Hanover Mountain


Forest Service Trail #125 plus a bit of #332

Why? Fine views of the Gospel Hump Wilderness high country and of Indigo Lake

Season: Late June through October.

Ease: Moderate to difficult, with 1,500 feet of elevation gain over 4 ½+ miles.

I think that one of the reasons I enjoyed my hike to Hanover Mountain was because I did it after I’d hiked much of the high country in the Gospel Hump Wilderness. Not that one can’t appreciate the fine near and far views without prior knowledge, but for me, that knowledge really made the day.

Those “other” views included The Seven Devils, which popped into view for a time as I stood looking down the Hanover Creek drainage to the west. There were meadows here and there, meadows that at other times of day might have been full of wildlife. The first, just past the trailhead, held a distinctly non-wild herd of cattle. The last, and perhaps loveliest, held Indigo Lake, which sits below Hanover Mountain. The lake is nestled in bright green with the light-colored mountain rock as a backdrop. There were flowers, too, when I hiked the trail late one July day. Elephant head and lupine and one of those pesky, unidentified yellow flowers I’m always seeing.

The trail itself is a mix, and at least at the start, an indication of the oddity of this place and its road access, for you start on an old road. The trail does narrow in places, however, and eventually comes to feel more like a trail than a road. There are some skunky bits, rocky and rutted steep sections, but they are not terribly long. In fact, most of the up and down is gentle.

I actually hiked about a mile past Hanover, hoping for a view of Emerald Lake. But it wasn’t to be that day, for it would have taken hiking down off the trail to see that lake, something I didn’t feel like doing. Given that I got lost where I stopped, at a saddle above that lake, I can only suggest that if you hike that far, you should keep better track of where you’ve come from than I did. It goes without saying that the trail becomes fainter there.

All in all, the whole trail hiked harder than it looked, which might be a reflection on the trail, the hiker, the weather, or a combination of any or all of these.

Note: My views of the rest of the Gospel Hump that I’d already hiked included the ridge from the North Pole and Buffalo Hump all the way to Quartzite Butte, a ridge I’d seen up a lot closer when I hiked the east side of the wilderness. The ridge from Plummer Point to Marble Butte, with the long uphill area between, is one I had hiked a couple years before – and I even recognized a couple of lumpy black knobs I saw on that trip. I recognized the Anchor fire area I’d seen from that side, on both long and short hikes. And the ridge that the road from the northwest travels into the body of the wilderness, past Gospel Hill, Gospel Peak and Square Mountain – plus the closer Roundtop Mountains and Umbrella Butte. A pretty comprehensive set of views of the high areas.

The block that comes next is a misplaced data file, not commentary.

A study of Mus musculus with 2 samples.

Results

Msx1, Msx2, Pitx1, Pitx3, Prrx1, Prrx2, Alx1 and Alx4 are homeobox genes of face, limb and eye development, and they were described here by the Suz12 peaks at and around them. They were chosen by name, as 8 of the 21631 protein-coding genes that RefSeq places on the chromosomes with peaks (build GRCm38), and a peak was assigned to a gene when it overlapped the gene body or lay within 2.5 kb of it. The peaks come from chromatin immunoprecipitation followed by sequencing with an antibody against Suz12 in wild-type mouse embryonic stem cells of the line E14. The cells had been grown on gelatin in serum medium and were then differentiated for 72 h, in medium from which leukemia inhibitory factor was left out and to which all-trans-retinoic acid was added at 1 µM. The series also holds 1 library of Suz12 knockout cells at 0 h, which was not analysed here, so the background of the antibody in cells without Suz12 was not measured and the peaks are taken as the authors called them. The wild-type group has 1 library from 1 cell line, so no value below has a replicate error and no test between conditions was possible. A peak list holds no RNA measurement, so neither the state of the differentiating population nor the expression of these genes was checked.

Plus as an added bonus, the drainage to the east is that of the Wind River, one of my favorite area hikes.

Trail Notes: I had hoped the hike to Hanover would be partially a circle hike, for the map shows two trails coming out of the trailhead area, trails that meet about a mile shy of Hanover. I hiked out on the major trail, but couldn’t find the intersection of the two when I looked for it either coming or going. Next time I’ll try the narrow trail out of the trailhead, which I assume will be the other one on the map.
About 3 miles in, the trail crosses a saddle that, when I hiked it, contained many large downed trees. The trail goes off slightly to the left through there, something not readily evident.

Directions: From Grangeville, turn right just after driving through Grangeville on Road 221, then stay straight on the same road about 1 mile later at the drive-in-movie screen. Stay on 221 for 31.2 miles, turning left before milepost 30 into the Gospel Hump on Road 444. Turn right to Slate Lake as posted at 43.8 miles. That road ends at the trailhead, and the last mile is really rocky and rough. It’s about 1 ½ hours from Grangeville.

Information: Nez Perce National Forest, (208) 983-1950.

Maps: USGS Hanover Mountain, Idaho; Forest Service Gospel Hump Wilderness map.

Connections: The trail to Marten Hill is marked at about 2 miles in, that for Indigo Lake at about 4 miles in, and the Hanover Mt. trail on the right at about 5 miles. The first is noted on both Forest Service and USGS maps. The second is not, and the third is noted only on the forest service map.